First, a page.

The coronavirus R number in Britain has risen – as new data shows the figure has soared above 1.3.
Data released by the Science and the Scientific Advisory Group for Emergencies (Sage) shows the R-number in England is believed to be 1.4, while in Scotland and Wales it is 1.3.
R is the number of people each infected person passes the virus on to, on average, and it needs to be kept below one in order for Covid-19 to stay under control.
Last week, the estimate for R across the UK was between 1.0 and 1.2 – and before then, the last time R was above 1 was in early March, when the UK was put in a national lockdown.
It comes as Government scientists made calls for a 14-day national lockdown next month to avoid "breaking the NHS ".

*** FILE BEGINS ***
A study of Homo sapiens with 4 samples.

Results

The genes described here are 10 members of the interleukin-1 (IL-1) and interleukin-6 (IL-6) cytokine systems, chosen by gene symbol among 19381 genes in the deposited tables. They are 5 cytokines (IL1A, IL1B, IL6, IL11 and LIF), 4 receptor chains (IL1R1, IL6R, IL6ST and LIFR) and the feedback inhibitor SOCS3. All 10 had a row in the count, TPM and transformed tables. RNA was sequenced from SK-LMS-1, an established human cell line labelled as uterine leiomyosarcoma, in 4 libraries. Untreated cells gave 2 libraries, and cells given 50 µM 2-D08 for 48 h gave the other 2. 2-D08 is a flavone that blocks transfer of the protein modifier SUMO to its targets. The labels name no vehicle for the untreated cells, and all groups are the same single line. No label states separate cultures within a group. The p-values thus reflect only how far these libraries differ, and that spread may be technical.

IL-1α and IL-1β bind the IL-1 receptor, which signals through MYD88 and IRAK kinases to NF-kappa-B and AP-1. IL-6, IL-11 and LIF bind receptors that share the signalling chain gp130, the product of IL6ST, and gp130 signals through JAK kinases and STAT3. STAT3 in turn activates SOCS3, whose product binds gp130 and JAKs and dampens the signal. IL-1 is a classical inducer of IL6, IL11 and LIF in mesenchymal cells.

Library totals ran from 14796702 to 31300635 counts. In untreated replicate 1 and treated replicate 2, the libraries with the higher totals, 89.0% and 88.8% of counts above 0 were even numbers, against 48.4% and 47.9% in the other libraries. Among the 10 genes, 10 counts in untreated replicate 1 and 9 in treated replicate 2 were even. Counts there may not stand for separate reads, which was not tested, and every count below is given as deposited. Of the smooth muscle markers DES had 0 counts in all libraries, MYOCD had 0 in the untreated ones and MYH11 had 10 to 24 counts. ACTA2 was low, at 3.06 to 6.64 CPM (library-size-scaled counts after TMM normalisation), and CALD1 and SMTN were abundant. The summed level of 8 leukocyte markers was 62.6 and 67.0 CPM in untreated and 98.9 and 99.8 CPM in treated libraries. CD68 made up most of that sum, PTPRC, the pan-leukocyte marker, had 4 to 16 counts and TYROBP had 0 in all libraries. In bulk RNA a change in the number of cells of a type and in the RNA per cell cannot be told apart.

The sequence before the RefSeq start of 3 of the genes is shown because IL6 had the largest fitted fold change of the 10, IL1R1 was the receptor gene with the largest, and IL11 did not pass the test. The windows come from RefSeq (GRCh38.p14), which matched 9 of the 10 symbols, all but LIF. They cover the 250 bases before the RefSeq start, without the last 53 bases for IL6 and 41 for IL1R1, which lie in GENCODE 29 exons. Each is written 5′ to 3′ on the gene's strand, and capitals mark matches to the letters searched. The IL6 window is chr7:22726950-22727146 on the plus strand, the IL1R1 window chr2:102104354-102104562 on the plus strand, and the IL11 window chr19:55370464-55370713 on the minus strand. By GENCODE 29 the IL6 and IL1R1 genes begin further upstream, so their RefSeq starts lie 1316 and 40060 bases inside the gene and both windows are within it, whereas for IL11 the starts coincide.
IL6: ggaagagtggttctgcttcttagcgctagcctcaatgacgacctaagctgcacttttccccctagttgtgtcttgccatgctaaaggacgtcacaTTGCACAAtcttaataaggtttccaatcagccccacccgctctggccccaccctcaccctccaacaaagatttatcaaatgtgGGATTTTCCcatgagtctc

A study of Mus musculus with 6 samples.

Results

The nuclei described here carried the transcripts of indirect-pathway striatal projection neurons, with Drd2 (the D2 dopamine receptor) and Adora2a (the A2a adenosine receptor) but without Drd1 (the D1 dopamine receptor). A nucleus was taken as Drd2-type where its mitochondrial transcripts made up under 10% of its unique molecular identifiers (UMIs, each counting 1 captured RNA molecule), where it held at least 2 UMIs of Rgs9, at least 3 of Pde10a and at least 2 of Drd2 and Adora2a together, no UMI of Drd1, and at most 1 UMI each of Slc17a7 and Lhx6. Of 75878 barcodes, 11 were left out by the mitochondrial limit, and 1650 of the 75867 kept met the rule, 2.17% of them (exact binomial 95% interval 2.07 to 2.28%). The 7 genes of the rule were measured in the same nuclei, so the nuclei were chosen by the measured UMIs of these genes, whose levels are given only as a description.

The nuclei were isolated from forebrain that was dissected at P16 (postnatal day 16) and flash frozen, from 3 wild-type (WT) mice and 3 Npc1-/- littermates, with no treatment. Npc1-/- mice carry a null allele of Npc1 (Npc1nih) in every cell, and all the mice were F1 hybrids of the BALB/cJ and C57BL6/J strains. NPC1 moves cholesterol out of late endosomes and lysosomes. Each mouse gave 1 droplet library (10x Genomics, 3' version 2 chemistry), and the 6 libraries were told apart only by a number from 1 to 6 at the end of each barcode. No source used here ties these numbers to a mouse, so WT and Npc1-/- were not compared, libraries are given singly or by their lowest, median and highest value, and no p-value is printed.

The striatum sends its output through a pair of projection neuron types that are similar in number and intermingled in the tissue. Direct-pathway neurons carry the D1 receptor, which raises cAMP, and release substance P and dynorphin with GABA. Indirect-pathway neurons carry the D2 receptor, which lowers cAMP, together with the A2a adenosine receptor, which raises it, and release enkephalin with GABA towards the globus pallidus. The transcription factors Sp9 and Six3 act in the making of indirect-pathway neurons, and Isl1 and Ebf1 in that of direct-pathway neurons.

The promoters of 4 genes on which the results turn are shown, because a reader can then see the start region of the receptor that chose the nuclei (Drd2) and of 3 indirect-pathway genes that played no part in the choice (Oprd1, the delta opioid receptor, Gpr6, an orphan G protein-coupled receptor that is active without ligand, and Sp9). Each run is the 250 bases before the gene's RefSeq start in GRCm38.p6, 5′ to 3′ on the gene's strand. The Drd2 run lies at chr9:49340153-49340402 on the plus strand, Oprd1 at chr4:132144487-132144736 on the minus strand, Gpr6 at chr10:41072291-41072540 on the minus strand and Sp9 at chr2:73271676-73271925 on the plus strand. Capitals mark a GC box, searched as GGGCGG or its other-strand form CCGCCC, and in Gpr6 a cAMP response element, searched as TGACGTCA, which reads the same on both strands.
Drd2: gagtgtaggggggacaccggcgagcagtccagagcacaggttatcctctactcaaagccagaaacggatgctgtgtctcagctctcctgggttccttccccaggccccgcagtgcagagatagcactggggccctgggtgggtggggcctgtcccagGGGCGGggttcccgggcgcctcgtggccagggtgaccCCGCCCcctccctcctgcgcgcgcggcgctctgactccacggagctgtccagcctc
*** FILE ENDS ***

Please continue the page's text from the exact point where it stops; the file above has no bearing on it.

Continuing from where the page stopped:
A Scientific Advisory Group for Emergencies (Sage) scientist told the Financial Times: "As schools will be closed for one week at half-term, adding an extra week to that will have limited impact on education."
They added the country's R number was on course to “break the NHS”, and that the test-and-trace system was “creaking at the seams”.
Sage and the Scientific Pandemic Influenza Group on Modelling reportedly recommended a second lockdown as tests showed Covid-19 positive cases were close to doubling every week in England.
The North East of England has been hit with a second lockdown this week, with officials warning seven other parts of the country could be facing similar restrictions soon.
New data shows much of Merseyside and parts of the West Midlands, Leicestershire and Cheshire are on the danger list for a fresh Covid-19 lockdown.
But Prime Minister Boris Johnson has told MPs he wants to avoid a second lockdown, saying "it would be completely wrong for this country".